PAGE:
Computational study suggests alternative coding in mitochondrial genomes may be more common than previously believed
By Melissa Lee Phillips | April 25, 2006
The mitochondrial genetic code in some arthropods contains an RNA-to-protein translation never seen before, according to a new study in Public Library of Science (PLoS) Biology. Using an automated genomics-based method, the authors found that translation of the RNA triplet AGG has changed many times in the evolutionary history of arthropods -- hinting that alternative genetic codes in mitochondrial genomes may be more common than suspected, the authors say.
"I think we're really looking here at the beginnings of a landslide change to recognizing the code is far more malleable than early dogma would have us believe," said Stephen Freeland of the University of Maryland, Baltimore County, who was not involved in the study.
Scientists have reported unusual amino acid translations in nuclear genomes of yeasts and ciliates, as well as in mitochondrial genomes of several metazoans. These coding variants were usually discovered by comparative sequence analysis: If one species consistently uses a different RNA codon than other species in well-conserved protein regions, researchers reasoned that the odd codon's translation has changed.
To search for mitochondrial genetic codes that might have been missed in previous studies, Federico Abascal of the University of Vigo and the National Museum of Natural Sciences in Spain and his colleagues automated comparative sequence analysis, and used it to analyze the mitochondrial codes of 626 metazoan species.
Their analysis predicted that several groups of arthropods translate the triplet AGG as lysine -- even though it corresponds to arginine in the canonical genetic code, and to serine in almost all other invertebrate mitochondria. When the authors then compared AGG translation preference with arthropod phylogenies, they found that this coding has likely changed multiple times within different groups of arthropods.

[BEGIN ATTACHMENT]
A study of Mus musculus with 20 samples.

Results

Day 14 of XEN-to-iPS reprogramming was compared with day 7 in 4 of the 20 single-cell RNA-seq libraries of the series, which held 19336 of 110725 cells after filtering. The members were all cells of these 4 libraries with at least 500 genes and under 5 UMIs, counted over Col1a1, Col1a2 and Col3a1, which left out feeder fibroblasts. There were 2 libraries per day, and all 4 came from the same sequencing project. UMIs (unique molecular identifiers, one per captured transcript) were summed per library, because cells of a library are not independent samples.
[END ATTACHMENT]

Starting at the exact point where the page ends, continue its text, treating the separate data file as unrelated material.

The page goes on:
According to the authors' ancestral reconstruction, AGG was reassigned from serine to lysine at the origin of the arthropod phylum. Some arthropod lineages later reverted back to serine translation. By analyzing how various subgroups of arthropods likely translate AGG, the researchers found evidence that some lineages have switched back and forth between the two amino acids multiple times in their histories. "The pattern of parallel reassignments is surprising," Abascal told The Scientist in an Email. "Reassignments occur even within an insect order, [which] suggests that the AGG codon is highly unstable."
He and his co-workers also found that changes in AGG's meaning corresponded to changes in tRNA anticodon sequences for both lysine and serine, suggesting that vacillating point mutations in these anticodons may have caused repeated changes in AGG's translation, Abascal said.
The pairing between AGG and the lysine tRNA anticodon also suggests another novelty: a non-standard pairing between G and U in the middle triplet position. Such "wobble" pairings are common at the third codon position, but "in the entire history of the study of coding, this would be the first second-position wobble," said Michael Yarus of the University of Colorado at Boulder, who was not involved in the study. "I think that's the most uncertain part of the whole story." According to Abascal, it's possible that the middle tRNA base undergoes post-transcriptional modification that allows it to bind more effectively to AGG.
"Using a lot of genomic data to study this question... yields a more convincing conclusion than doing this analysis in a less-automated way," said Yarus. "A lot of interesting biology is hidden within the vastness of the sequence databases." Indeed, Abascal added that he and his colleagues are planning to extend the analyses to other organisms. "Other phyla not well sampled yet could give us other surprises."
Melissa Lee Phillips
Links within this article
D. Secko, "Extending the genetic code," The Scientist, August 15, 2003.
F. Abascal et al., "Parallel evolution of the genetic code in arthropod mitochondrial genomes," Public Library of Science Biology, May 2006.
S. Blackman, "Discovering the 21st Amino Acid ... Again?," The Scientist, October 11, 2004.
R.D. Knight et al., "Rewiring the keyboard: Evolvability of the genetic code," Nature Reviews Genetics, January 2001.